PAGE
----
Marrying machine learning with 3D printing for more reliable parts

DENVER. Lockheed Martin and the Office of Naval Research (ONR) are embarking on a project that aims to explore how to apply artificial intelligence (AI) to train robots to independently oversee and optimize 3D printing of complex parts.

The two-year, $5.8 million -- led by a team from 's Advanced Technology Center -- plans to develop software models, enhance sensors, and customize multi-axis robots that use laser beams to more accurately deposit materials, thereby resulting in better components.

Brian Griffith, Lockheed Martin's project manager, said of the project: "We will research ways machines can observe, learn, and make decisions by themselves to make better parts that are more consistent, which is crucial as 3D printed parts become more and more common. Machines should monitor and make adjustments on their own during printing to ensure that they create the right material properties during production."

Researchers will apply machine-learning techniques to so variables can be monitored and controlled by the robot during fabrication. "When you can trust a robotic system to make a quality part, that opens the door to who can build usable parts and where you build them," said Zach Loftus, Lockheed Martin Fellow for additive manufacturing. "Think about sustainment and how a maintainer can print a replacement part at sea, or a mechanic print a replacement part for a truck deep in the desert. This takes to the next big step of deployment."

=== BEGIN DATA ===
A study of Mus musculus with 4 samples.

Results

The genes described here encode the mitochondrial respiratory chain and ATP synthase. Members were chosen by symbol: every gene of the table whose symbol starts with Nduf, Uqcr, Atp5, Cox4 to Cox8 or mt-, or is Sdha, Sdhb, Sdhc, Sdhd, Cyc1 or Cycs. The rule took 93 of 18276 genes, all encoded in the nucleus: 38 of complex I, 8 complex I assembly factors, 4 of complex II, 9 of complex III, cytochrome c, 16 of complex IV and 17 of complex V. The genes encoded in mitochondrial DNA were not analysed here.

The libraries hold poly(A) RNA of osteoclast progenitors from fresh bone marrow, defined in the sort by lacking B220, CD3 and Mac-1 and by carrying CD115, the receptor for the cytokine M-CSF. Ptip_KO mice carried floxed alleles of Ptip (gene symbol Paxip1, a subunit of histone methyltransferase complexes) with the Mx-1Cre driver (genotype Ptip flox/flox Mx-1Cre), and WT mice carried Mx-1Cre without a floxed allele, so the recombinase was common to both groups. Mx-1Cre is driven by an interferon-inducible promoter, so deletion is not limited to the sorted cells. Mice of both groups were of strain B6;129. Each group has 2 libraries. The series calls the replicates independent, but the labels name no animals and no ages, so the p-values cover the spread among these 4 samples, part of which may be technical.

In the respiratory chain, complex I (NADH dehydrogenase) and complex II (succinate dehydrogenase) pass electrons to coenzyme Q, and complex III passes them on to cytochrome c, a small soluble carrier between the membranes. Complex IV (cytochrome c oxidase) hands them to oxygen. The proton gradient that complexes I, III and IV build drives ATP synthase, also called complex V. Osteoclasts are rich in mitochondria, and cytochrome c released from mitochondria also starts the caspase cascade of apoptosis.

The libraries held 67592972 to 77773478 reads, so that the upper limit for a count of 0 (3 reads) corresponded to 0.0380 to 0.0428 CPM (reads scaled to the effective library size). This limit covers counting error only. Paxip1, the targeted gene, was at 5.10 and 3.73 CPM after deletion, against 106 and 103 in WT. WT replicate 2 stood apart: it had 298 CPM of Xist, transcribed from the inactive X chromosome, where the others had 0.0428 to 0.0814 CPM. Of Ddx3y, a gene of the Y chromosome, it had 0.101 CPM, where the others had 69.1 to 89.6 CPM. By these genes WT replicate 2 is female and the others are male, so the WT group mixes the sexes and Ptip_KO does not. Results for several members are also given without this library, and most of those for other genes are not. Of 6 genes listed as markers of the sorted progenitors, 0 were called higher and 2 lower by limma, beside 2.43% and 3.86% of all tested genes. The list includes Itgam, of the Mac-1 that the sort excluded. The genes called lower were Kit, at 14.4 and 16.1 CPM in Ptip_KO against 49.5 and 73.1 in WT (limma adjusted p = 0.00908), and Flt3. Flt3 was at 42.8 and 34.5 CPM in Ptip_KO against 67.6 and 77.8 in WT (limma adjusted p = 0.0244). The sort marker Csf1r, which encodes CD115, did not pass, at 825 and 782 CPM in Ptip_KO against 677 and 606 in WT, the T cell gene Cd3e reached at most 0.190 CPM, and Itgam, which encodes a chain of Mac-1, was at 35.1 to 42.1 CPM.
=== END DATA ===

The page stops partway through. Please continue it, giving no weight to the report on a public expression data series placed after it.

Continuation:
At present, technicians spend many hours per build testing quality after fabrication, but waste is also found in the practice of building each part in a way that compensates for the weakest section for a part and allows more margin and mass in the rest of the structure; team members say that the new research will help machines make decisions about how to optimize structures based on previously verified analysis.

This verified analysis and integration into a 3D printing robotic system is core to this new contract: The team will measure the performance attributes of the machine parameters, examine the microstructures used in an additive build, and align them to material properties before integrating this knowledge into a working system, which will then allow the to make decisions about how to print a part that ensures good performance.

The team -- along with seven industry, national lab and university partners -- will initially begin its research build with the most common titanium alloy, Ti-6AI-4V.